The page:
Eva Fleischner, "Crucial Importance of the Holocaust for Christians," Engage/Social Action 4 (December 1976) 26-33
Abstract by Jerry Darring
Fleischner writes first of the failure of the churches during the Holocaust, citing specifically that Hitler never repudiated his Catholicism nor was he ever publicly condemned by Pius XII or excommunicated, and that many high Nazi officials repeatedly stressed that they were "good Christians." She contrasts the public protests of the Dutch bishops with the silence of Pius XII, saying that "if we ask, who were the true Christians?, where was the church's prophetic voice to be heard?, it is the Dutch bishops, and not Pius XII, who are vindicated" (28). Many ordinary Catholics and many bishops "betrayed the Gospel" with their antisemitism.
Turning to the Christian tradition of antisemitism, Fleischner asserts that "there is ample evidence that the centuries-old Christian anti-Judaism prepared the soil for modern anti-Semitism and the Holocaust; that the Holocaust could not have happened if Christians of Germany, Europe, the world, had taken an unequivocal stand against the Nazi program of persecution and eventual extermination of the Jews" (29). This raises a number of serious questions that cast a shadow on the very foundations of Christianity.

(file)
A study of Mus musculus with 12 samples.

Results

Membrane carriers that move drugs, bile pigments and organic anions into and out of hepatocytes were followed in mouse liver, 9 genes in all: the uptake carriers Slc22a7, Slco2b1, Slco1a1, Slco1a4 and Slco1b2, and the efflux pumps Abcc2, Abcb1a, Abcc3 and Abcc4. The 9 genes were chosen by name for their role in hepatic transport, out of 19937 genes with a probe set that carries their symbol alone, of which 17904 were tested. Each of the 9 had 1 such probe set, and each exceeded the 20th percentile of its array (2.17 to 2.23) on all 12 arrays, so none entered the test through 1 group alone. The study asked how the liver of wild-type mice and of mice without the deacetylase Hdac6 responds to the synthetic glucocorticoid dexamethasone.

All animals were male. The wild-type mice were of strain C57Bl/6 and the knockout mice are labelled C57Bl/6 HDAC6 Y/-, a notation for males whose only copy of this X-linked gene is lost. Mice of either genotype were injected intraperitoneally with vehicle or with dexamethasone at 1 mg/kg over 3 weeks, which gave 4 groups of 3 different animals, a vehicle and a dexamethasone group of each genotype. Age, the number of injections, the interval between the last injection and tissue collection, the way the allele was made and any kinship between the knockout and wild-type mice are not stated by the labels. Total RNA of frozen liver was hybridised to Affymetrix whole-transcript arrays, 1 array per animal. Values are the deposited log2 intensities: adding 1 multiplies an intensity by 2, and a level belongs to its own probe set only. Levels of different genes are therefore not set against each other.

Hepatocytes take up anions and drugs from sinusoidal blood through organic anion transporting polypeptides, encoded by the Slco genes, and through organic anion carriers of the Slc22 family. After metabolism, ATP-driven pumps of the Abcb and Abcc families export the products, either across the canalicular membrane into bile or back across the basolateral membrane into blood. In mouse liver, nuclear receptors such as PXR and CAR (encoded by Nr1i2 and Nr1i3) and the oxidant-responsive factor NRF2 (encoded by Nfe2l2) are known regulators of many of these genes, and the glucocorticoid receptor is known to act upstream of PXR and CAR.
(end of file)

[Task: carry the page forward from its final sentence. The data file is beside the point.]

Indeed, the Holocaust poses a challenge to our faith, raising serious questions about God and human dignity. These questions are hard to face, but Fleischner suggests some helps: 1. The churches should not confess guilt, which paralyzes, but they should accept responsibility, which leads to a commitment to change things. 2. We should develop a humbler understanding of church. 3. Our faith should be lived in alternating moments of light and darkness. 4. Christians need to appreciate the tragedy of the Holocaust and the significance of the state of Israel. 5. "Finally, awareness of the Holocaust may heighten our sense of responsibility and sharpen our sensitivity to suffering and injustice wherever they are found" (33).